For about 15 years, evolutionary biologists have been using ancient DNA to study how organisms change through time. But the field has gotten a bad rap because early attempts to extract DNA from dinosaurs or ancient insects embedded in amber instead proved to be studies of modern contamination. Now, in the 22 March issue of Science, two independent research groups show multiple samples of DNA from old bones preserved in cold environments can teach quite a bit about the past.
A team led by Alan Cooper , a molecular evolutionist at the University of Oxford, United Kingdom, reconstructed the migration patterns of subarctic brown bears living up to 60,000 years ago. Cooper's team analyzed DNA from 36 bears whose bones had been well preserved in the frozen soils of Alaska, the Yukon, and Siberia. The researchers sequenced two pieces of DNA from each bear and grouped the bears according to the degree of similarity in the sequences. They found that the distributions of these ancient genetic groups did not correspond to those of modern populations, as researchers have assumed. The findings also suggest that brown bears disappeared from much of Alaska and the Yukon 35,000 years ago, only to reappear 14,000 years later. Their return may have contributed to the disappearance of a competing species, the short-faced bear, Cooper suggests.
On the opposite side of the globe, a team led by David Lambert  at Massey University in Palmerston North, New Zealand, examined frozen remains of Adélie penguins, whose large colonies have existed for thousands of years. The same birds and their descendents return to the sites year after year, leaving layer upon layer of old material. Lambert's team collected and dated 96 bones from various layers and gathered 300 blood samples from living birds. The researchers looked at a rapidly evolving sequence of mitochondrial DNA and catalogued changes between the ancient and modern samples. From that they calculated the rate of evolutionary change--which they found was about two to seven times faster than previous estimates for other species.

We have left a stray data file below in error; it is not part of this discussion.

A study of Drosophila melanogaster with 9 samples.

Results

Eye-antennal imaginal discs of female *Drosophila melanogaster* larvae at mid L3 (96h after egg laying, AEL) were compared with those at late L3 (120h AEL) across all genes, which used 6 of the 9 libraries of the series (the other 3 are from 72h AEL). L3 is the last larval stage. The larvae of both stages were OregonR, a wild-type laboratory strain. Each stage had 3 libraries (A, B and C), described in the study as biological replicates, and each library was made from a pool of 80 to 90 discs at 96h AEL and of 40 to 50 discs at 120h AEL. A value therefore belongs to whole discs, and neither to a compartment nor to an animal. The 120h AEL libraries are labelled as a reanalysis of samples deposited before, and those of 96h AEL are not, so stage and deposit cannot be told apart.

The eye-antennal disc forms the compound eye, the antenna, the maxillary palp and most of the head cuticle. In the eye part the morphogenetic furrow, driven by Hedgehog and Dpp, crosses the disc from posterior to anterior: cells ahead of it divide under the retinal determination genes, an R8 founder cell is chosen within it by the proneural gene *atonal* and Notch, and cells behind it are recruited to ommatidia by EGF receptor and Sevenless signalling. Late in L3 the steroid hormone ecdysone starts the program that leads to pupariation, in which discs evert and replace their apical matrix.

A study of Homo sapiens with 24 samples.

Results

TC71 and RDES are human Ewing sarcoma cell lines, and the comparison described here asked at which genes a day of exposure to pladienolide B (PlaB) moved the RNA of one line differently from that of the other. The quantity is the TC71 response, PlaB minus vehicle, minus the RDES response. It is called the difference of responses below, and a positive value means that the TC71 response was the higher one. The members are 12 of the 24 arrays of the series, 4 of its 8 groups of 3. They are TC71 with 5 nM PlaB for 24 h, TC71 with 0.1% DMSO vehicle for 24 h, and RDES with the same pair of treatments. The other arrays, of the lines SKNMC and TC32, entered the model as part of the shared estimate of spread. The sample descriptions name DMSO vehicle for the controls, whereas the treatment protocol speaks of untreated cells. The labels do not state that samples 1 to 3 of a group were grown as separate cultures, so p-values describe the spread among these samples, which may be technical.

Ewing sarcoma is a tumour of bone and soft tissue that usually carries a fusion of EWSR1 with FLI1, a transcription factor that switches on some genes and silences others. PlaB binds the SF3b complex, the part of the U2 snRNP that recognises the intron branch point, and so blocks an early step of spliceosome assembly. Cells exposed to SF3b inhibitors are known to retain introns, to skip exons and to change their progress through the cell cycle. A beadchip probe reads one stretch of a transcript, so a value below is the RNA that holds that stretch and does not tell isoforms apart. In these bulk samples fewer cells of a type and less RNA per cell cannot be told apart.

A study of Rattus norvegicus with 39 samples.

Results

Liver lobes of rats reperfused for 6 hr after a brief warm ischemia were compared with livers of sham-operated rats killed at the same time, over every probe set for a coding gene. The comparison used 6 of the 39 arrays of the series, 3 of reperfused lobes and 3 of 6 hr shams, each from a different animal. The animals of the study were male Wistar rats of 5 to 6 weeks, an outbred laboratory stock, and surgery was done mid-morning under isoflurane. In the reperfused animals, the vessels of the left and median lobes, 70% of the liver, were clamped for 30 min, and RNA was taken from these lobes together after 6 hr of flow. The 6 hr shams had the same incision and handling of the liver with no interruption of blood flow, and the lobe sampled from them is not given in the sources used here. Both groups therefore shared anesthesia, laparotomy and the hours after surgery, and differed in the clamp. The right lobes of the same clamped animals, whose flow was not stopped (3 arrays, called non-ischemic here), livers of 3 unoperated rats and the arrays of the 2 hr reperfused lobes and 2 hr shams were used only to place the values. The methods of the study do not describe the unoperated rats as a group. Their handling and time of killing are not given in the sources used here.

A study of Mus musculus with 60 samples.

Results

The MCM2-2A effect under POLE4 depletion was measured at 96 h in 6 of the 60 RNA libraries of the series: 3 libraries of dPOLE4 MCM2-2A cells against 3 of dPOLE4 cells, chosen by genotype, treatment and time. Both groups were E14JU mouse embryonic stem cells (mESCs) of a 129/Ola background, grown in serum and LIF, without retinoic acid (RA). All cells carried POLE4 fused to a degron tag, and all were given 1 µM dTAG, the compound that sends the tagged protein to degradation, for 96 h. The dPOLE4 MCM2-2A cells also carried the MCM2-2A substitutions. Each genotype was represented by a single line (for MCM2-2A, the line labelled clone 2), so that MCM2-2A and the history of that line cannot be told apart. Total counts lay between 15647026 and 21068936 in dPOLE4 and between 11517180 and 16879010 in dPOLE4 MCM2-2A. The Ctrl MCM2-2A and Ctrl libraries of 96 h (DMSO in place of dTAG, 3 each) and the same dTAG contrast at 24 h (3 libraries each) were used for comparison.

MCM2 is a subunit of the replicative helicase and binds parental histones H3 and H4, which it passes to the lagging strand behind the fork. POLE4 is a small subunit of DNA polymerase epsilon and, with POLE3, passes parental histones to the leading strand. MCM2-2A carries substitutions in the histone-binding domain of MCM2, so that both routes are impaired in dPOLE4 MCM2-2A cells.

With these two studies, "the study of ancient DNA has now advanced to a point where one can study genetic variation within species over thousands of years and [obtain] data that can be trusted," says Svante Pääbo, an evolutionary biologist at the Max Planck Institute for Evolutionary Anthropology. Lambert's and Cooper's studies may thus push the use of ancient DNA further along the path to redemption.